Drew Peterson may launch a long-shot bid to the U.S. Supreme Court after Illinois’ high court upheld his 2012 murder conviction in a long-awaited 40-page opinion Thursday.
The Illinois Supreme Court said comments from Peterson’s dead third wife — Kathleen Savio — and missing fourth wife — Stacy Peterson — were properly used to find him guilty at the end of a contentious trial five years ago in Will County.
It also shot down the former Bolingbrook cop’s complaints about his former lawyer, Joel Brodsky, as well as an argument that prosecutors shouldn’t have been allowed to tell jurors that Peterson once tried to put a $25,000 hit out on his third wife.
Less than an hour after Thursday’s ruling came down, Peterson’s attorney, Steve Greenberg, said in a statement his next steps include “a likely appeal to the United States Supreme Court.” However, he said he had not yet had an opportunity to share the opinion with Peterson, who is in a federal prison in Terre Haute, Ind.
The odds of the U.S. Supreme Court taking up Peterson’s case are extremely low.
Greenberg also complained of two sets of laws in Illinois: One for most, and one for his client.
“When it comes to Mr. Peterson, the laws were changed, the rules were broken, and, in some respects, trial counsel was deficient,” Greenberg said. “The ruling today demonstrates that courts are willing to overlook the obvious to achieve a certain result. As a nation of laws, this is a fundamentally flawed premise, and if we operate in this manner, over time all of us will suffer.”
A Will County judge gave the now 63-year-old Peterson 38 years behind bars for Savio’s murder. And while the stakes were high for Thursday’s ruling, they had been tempered since Peterson landed a second conviction last year for a murder-for-hire plot that targeted Will County State’s Attorney James Glasgow.
Even if the state’s high court had overturned Peterson’s murder conviction, he still must serve a 40-year sentence for the plot against Glasgow. As it stands, Peterson is not due to get out of prison until May 7, 2081.
Meanwhile, Peterson’s fourth wife has been missing nearly 10 years — the anniversary arrives next month — and no one has ever been charged in connection with her disappearance. Peterson remains the prime suspect. However, he may never have landed behind bars had she not vanished without a trace.
Savio’s body had been found in a dry bathtub on March 1, 2004. Authorities first ruled her death an accident but later exhumed and re-examined her body before deciding her death was a homicide. Peterson was arrested for her murder in May 2009.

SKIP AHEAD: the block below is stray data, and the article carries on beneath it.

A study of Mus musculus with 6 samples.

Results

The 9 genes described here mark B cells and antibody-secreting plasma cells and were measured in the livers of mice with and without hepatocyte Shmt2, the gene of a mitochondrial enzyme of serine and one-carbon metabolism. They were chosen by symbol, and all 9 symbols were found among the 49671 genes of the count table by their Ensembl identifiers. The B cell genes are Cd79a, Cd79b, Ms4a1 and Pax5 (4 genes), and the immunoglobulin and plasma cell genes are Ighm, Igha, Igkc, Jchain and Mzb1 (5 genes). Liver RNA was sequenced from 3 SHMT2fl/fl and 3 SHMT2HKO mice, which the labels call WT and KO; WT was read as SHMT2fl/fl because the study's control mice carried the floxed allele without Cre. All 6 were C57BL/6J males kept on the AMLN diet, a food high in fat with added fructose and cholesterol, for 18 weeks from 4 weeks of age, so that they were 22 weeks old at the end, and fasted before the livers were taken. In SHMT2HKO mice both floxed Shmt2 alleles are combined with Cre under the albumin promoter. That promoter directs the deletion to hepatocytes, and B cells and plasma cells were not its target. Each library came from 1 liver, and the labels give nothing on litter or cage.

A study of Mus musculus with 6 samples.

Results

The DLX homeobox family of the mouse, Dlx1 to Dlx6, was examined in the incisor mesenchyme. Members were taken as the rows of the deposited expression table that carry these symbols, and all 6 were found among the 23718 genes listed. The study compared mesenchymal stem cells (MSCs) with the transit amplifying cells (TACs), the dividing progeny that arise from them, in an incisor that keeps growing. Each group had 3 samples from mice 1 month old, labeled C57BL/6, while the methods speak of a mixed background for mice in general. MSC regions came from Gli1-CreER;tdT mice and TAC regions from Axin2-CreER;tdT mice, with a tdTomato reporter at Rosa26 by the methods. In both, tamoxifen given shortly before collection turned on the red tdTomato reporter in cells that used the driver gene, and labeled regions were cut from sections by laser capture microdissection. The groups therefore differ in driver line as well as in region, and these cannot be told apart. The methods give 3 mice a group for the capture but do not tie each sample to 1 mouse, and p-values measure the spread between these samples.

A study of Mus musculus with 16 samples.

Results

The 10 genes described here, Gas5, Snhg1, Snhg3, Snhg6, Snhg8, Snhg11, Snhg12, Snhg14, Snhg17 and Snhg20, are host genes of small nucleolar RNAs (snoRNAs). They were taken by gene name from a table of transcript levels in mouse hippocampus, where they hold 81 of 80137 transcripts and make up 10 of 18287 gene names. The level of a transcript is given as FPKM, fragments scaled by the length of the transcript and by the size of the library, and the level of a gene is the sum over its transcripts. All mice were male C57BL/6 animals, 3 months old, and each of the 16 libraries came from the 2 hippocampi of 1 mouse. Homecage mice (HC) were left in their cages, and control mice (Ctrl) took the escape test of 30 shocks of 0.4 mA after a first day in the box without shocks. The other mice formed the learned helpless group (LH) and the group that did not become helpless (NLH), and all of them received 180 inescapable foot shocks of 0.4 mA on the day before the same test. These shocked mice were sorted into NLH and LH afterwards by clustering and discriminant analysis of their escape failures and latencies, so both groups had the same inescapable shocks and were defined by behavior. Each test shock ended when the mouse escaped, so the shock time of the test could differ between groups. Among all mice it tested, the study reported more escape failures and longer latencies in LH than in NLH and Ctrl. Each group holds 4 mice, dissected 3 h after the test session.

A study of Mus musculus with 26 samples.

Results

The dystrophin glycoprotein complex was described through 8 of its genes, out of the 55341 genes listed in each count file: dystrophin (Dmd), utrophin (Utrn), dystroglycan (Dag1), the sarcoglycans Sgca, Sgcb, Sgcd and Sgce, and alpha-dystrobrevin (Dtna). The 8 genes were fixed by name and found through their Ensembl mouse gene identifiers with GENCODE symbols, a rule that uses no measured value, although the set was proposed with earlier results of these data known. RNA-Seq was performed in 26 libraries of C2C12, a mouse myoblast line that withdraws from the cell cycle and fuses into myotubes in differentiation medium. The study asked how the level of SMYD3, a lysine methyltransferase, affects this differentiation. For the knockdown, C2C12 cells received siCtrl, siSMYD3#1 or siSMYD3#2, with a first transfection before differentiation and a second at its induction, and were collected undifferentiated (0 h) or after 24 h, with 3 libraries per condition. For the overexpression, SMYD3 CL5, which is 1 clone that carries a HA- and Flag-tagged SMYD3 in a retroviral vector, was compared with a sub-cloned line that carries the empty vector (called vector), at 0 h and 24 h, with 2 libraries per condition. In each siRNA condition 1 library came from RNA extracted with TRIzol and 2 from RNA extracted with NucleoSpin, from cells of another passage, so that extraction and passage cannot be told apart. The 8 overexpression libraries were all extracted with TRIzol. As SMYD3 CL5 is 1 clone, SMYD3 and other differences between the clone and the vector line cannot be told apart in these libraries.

The bulk of Thursday’s unanimous opinion, authored by Justice Mary Jane Theis, addressed whether prosecutors properly used so-called hearsay statements — comments that Savio and Stacy made to others before the trial — to convict Peterson.
The high court said it found “no error in the admission of Kathleen’s and Stacy’s hearsay statements at trial.” It did so based on a legal theory that lets prosecutors use such evidence if a defendant, through wrongdoing, prevents someone from testifying.
It said that a finding that Peterson killed Kathleen to prevent her from testifying could not be found unreasonable. And it did not find grounds to overturn the finding that Peterson murdered his fourth wife to prevent her from taking the stand.
Another point of contention was the bombshell testimony from divorce attorney Harry Smith that Stacy asked him before she disappeared if she could get more money in a divorce if she threatened to tell the police “how (Peterson) killed Kathy.”
Peterson has argued that Smith violated his attorney/client privilege with Stacy by sharing that conversation. However, at the outset of their discussion, Smith warned Stacy that he could not represent her. Therefore, the Supreme Court found, “such a relationship never materialized.”
“What is relevant is that Smith made plain to Stacy that he ‘could not represent her,’” Theis wrote.
The court also rejected Peterson’s argument that he received ineffective assistance of counsel — despite his massive legal team at trial — because Smith gave that damning testimony only when he was called to the stand by Brodsky, Peterson’s lead attorney.
The court could not say the decision was “not within the realm of trial strategy.” Further, it shot down arguments that Brodsky had a conflict of interest because he stood to profit from a media contract related to the case.
Finally, the court found that Peterson’s lawyers had plenty of time to react at trial to testimony that Peterson offered a man $25,000 to find someone that could have Savio “taken care of.”